Lok Sabha elections 2019: Temple legacy vs Bangla migrants in Assam

Alleged encroachment by illegal Muslim settlers on land on which Vaishnavite shrines stand has become a poll issue in central Assam

Published: 05th April 2019 08:20 AM  |   Last Updated: 05th April 2019 08:20 AM   |  A+A-

A Vaishnavite shrine on Satra land in central Assam’s Nagaon. It is revered and frequented by locals | express

Express News Service

NAGAON(ASSAM): Nearly a century before William Shakespeare’s works Richard III and Henry VI were written in early 1590s, a saint-reformer in India, Sankardeva, had produced a dance-drama “Cihna Yatra”, believed to be the world’s first drama written in the Indo-Aryan language.

Sankardeva, revered as “Gurujana’, altered the cultural paradigm of Assam from his seat at Nagaon, which today is threatened by encroachment. As Assam braces for Parliamentary elections, Sankardeva is finding a mention during campaigns.


In every rally in Nagaon and Kaliabor, the two Parliamentary constituencies in Central Assam, the BJP has been unleashing blistering attacks on the Congress for not recovering Satra land from the possession of the Bangladeshis.

“Around 15 years ago, two Muslim families started living on the (Bardowa) Satra land. Their numbers grew as others belonging to the community joined them. The BJP evicted them three years ago after forming the government in Assam. The government is now building a boundary wall and other infrastructure at a cost of `155 crore at Bardowa Satra,” Baruah said.

His colleague, Prasanta Bharali said, “They (encroachers) were given land elsewhere by the then Congress government in 2008 but they did not move out. They had to be evicted.”

They said the migrants had grabbed land measuring 140 bighas of Bardowa Satra, seven bighas at Shantijan Beel, which is a Bardowa Satra property, 193 bighas belonging to Rampur Satra and 100 bighas each of Bali Satra and Kubaikota Satra. The last named, today, stands on a piece of land measuring just 1.5 cottahs. In Assam, one bigha is equivalent to one third of an acre, while five cottahs make one bigha.

“The land of Rampur Satra was encroached upon some 50 years ago. It is a huge village now with settlements of hundreds of people,” Bharali said, adding, “We are grateful to the BJP for recovering the land of Bardowa Satra.”

The land of Kubaikota Satra was encroached upon during the Assam Agitation (anti-immigrants’ movement) of early 1980s. The Satra was founded by “Aai Kanaklata”, who was a granddaughter-in-law of Sankardeva.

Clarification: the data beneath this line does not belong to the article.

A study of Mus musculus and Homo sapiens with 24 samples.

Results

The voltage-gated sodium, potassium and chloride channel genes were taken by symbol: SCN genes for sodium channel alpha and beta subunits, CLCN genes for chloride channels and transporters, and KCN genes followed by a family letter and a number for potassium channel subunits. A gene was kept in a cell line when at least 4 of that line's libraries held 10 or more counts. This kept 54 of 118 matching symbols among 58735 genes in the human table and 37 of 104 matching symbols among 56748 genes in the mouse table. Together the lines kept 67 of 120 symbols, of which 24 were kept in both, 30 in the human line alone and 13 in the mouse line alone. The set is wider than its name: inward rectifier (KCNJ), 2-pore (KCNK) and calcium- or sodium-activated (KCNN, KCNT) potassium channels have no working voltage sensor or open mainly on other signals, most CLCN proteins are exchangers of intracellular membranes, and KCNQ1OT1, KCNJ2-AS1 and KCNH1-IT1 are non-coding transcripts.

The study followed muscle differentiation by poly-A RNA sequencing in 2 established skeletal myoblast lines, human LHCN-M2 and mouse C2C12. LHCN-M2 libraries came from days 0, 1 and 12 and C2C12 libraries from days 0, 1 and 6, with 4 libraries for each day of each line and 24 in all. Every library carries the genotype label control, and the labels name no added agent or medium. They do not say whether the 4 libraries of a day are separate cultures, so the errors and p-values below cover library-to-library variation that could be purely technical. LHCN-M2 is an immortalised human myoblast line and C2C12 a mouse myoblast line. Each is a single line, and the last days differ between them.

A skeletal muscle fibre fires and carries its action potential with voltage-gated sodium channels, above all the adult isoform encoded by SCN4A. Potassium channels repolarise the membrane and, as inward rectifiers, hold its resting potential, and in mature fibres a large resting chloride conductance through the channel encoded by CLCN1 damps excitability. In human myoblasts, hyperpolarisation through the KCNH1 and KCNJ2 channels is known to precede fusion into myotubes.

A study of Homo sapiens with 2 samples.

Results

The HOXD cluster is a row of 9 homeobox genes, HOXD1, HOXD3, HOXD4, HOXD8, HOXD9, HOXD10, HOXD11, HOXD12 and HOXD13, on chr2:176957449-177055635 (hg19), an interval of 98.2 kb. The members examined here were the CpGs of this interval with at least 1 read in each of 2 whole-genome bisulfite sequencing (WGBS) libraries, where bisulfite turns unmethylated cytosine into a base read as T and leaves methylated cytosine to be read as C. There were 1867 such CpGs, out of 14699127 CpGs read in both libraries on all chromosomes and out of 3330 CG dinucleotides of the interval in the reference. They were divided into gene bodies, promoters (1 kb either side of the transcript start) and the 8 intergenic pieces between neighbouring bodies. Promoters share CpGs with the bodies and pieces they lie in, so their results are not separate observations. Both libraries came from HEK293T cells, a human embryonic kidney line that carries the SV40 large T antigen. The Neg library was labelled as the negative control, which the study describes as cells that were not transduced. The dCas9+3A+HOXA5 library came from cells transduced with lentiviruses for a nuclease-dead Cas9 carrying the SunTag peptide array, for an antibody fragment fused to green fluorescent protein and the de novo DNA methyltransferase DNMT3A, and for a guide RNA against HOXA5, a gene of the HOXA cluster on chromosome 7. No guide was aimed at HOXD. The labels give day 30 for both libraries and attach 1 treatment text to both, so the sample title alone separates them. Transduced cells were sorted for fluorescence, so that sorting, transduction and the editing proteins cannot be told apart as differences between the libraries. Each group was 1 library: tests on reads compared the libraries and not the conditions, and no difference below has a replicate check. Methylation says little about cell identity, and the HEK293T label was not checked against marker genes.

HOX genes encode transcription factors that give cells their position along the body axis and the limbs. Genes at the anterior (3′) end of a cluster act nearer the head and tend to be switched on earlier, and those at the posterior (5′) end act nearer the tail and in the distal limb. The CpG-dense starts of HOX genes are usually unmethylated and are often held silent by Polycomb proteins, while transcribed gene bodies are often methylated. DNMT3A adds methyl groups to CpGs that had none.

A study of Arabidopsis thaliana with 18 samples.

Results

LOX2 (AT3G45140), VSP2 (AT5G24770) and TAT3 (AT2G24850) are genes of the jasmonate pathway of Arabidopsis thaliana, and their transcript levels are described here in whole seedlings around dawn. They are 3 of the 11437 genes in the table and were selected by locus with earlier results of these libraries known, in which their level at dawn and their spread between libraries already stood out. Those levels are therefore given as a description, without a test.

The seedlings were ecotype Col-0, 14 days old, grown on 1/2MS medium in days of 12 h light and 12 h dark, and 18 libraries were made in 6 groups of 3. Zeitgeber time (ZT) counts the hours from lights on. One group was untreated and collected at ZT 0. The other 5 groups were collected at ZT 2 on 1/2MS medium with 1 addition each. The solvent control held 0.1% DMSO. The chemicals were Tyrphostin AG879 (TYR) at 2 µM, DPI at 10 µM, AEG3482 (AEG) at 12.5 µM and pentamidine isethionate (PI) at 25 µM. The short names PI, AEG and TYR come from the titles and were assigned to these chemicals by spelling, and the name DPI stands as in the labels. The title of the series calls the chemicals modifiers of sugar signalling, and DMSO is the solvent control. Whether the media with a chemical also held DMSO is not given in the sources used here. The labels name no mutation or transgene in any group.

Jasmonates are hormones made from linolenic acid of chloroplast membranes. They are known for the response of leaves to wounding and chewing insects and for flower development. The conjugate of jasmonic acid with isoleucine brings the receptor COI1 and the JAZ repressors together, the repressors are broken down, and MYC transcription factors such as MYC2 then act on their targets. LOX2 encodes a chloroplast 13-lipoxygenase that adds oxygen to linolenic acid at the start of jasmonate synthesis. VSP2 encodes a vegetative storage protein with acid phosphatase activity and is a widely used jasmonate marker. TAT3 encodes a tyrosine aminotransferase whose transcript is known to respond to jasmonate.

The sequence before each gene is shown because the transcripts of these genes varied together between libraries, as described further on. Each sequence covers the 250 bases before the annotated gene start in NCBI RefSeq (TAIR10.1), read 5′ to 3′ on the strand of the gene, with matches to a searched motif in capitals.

“It was founded in 1570s by Aai Kanaklata by clearing the forest. In 1636, during the Ahom rule, some Assamese families had migrated here from Upper Assam and the Satra authorities allowed them to live on its land. During Assam agitation, the Assamese settlers, except for one family, fled the area and never returned. Their land, which originally belonged to the Kubaikota Satra, was subsequently occupied by migrant Muslims,” said Jugal Chandra Deva Goswami, who is the Satradhikar (head of a Satra) of Jakhalabandha Satra. 

Khalilur Rahman, a local of Kubaikota village, claimed that it was over 100 years ago that the Muslims started settling here.“We learnt from our elders that the father of a centenarian, Shanu, had first settled down in the village,” Rahman said.

Kubaikota has all Muslim settlers, except the lone Assamese family of Krishna Kanta Saikia. Neighbouring Dhaniabhati, Amlakhi and Borbheti villages have 100 per cent Muslim settlements.
Saikia said only four bighas of land of Kubaikota Satra was grabbed and the Muslims started living in the area before 1980s. A lot of Muslims, affected during the agitation, had migrated to the village in 1983, he said.

“When the Assamese families left the village, they had sold off their land to the Muslims at minimal prices. We stayed back as we owned a large plot of land. Some Muslim families had urged us not to leave, assuring us that they would protect us,” 54-year-old Saikia said.

Gunamoni, a youth from Batadrava, said it was the BJP’s “lie” that huge chunks of Satra land in Nagaon had been encroached upon. Only six bighas of Bardowa Satra land was grabbed and it was retrieved by the state government, he said. 

However, a report of a committee, headed by former EC  chief HS Brahma, says otherwise. It says the land of Satras across Central and Lower Assam had been encroached upon by “Bangladeshi Muslims” over a period of time.